STATISTICS SOMETIMES LIE. But the explosive plays in the 2015 season offer a crystal clear view of where Washington State’s offense was successful over the course of a 9-4 campaign. Over on defense, the explosion plays show exactly where WSU found improvement, and where they need to go in 2016.

Offensively, the 2015 Air Raid was decidedly not your bombs away-type of offense. Washington State made its mark with short, precision gains. 

WSU was 10th in the nation in explosive plays of 10-plus yards, with 247.  And the Cougs would have been seventh if three teams ahead of them had not played more games.  (WSU played 13 games while Bowling Green and Western Kentucky each played 14, Clemson played 15).

The Cougs were also t-21st nationally in explosion plays of 20-plus yards, with 79. 

And with those two explosive play categories lies the success of the 2015 Air Raid. Because things drop off dramatically from there as far as explosive plays are concerned.

WSU was 86th in explosive plays that went 30-plus yards; 122nd in 40-plus; 121st in 50-yard-plus; 113th in 60-plus and 74th in 70-plus yard plays. 

An argument can be made that the next step for WSU’s offense in Year Five under Mike Leach would be to figure out how to add a handful more explosive plays in the 30-plus and beyond categories while still maintaining the first two categories – the 10-plus and 20-plus yard explosives.  I’m not so sure.

I’d argue WSU can better take that next step by climbing to say, fifth and 10th nationally in the 10-plus and 20-plus yards explosion play categories, respectively. 

WSU meticulously driving down the field rests their defense and tires out the opposition’s. It’s also what WSU and Luke Falk are best at; short- and medium-range throws with a premium placed on accuracy. But if a few WSU wideouts or running backs break some big gainers after contact to a greater degree in '16, well, that can’t hurt.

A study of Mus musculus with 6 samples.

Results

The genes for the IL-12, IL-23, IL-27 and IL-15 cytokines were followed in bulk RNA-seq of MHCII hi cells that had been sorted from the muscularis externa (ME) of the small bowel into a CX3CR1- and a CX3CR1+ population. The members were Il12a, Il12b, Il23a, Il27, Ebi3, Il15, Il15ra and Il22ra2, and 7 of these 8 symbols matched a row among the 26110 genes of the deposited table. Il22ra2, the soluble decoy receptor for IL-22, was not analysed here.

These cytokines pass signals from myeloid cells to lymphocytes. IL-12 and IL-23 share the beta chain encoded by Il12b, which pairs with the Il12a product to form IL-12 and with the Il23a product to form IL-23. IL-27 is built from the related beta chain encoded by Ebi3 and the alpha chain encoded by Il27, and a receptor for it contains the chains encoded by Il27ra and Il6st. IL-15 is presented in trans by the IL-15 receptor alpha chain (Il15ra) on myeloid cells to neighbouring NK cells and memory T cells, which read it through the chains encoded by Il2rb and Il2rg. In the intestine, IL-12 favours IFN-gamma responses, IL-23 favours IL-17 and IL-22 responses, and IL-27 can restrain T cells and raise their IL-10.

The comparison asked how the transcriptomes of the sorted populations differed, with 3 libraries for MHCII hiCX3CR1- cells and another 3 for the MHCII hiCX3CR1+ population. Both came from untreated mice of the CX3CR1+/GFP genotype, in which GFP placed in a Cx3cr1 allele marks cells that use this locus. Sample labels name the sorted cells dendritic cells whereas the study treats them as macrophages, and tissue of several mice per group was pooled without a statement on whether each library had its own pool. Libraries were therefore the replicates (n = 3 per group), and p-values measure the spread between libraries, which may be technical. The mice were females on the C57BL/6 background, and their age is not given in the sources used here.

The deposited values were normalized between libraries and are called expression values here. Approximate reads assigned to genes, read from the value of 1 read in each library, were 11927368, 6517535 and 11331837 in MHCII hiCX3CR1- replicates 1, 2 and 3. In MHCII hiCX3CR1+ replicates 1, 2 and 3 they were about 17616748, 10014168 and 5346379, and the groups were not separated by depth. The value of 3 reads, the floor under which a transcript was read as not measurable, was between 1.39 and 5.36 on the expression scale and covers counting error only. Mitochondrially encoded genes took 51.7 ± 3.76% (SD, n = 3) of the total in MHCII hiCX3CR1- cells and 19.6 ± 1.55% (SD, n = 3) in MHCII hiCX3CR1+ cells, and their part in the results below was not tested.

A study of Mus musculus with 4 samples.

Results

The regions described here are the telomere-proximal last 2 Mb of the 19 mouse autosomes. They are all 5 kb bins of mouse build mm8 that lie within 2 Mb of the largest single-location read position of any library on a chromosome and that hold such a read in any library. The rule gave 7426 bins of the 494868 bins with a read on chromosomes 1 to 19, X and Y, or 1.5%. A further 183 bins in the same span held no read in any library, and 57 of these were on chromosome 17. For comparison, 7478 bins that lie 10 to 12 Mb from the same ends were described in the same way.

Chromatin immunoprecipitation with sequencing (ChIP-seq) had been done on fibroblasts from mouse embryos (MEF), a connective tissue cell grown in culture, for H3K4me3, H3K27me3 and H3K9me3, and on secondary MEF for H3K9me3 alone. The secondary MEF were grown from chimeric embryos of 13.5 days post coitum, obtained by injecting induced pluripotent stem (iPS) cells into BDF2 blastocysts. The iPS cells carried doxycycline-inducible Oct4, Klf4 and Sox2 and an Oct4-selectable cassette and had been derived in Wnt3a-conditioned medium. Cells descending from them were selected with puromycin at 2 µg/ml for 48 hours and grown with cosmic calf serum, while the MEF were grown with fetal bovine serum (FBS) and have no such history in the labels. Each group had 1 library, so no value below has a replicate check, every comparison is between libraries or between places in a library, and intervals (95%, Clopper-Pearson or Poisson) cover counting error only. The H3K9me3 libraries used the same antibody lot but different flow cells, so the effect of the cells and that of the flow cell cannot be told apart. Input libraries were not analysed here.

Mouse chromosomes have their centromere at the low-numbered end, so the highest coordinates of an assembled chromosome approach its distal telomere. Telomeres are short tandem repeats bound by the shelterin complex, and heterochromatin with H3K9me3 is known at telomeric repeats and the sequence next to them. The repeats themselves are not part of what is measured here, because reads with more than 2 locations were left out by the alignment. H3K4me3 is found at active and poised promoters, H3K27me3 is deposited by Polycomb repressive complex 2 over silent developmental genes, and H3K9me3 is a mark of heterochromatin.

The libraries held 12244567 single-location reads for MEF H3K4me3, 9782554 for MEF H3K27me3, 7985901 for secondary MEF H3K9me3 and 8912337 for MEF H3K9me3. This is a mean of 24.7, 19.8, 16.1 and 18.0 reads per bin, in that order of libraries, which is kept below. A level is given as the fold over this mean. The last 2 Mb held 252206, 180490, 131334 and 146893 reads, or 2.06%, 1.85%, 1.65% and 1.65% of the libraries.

Meanwhile, the WSU stop corps in 2015 under first year defensive coordinator Alex Grinch was the epitome of a bend-don’t-break defense.

The 2015 Cougs were 114th out of 128 teams in allowing explosive plays of 10-plus yards, with 210 allowed.  That’s a step back from 2014, when WSU was t-68th with 179.

But WSU in 2015 improved in every other explosive yard category on defense over 2014.

The Cougs were t-54th in the 20-plus yard explosives with 56 allowed.  That’s a significant improvement over 2014, when WSU was 113th.

This season, WSU was t-83rd and t-69th in 30-plus and 40-plus yard explosive plays allowed, respectively. Last year WSU ranked t-92nd and t-110th. 

In 2015, the Cougar D was t-10th nationally in allowing three plays of 50-yards plus, and t-6th nationally in 60-yard explosives allowed, with one.  In ’14, the Cougs allowed four times as many 50-plus explosives (12) and ranked 112th nationally, and ranked 92nd in 60-plus explosive plays allowed, with six.

The improvement in explosive plays allowed was the key to WSU’s scoring defense dropping to  27.7, a difference of nearly 11 points from 2014 (38.6).   The path to further improvement in 2016 is also plain -- decreasing the number of 10-yard-plus explosive plays.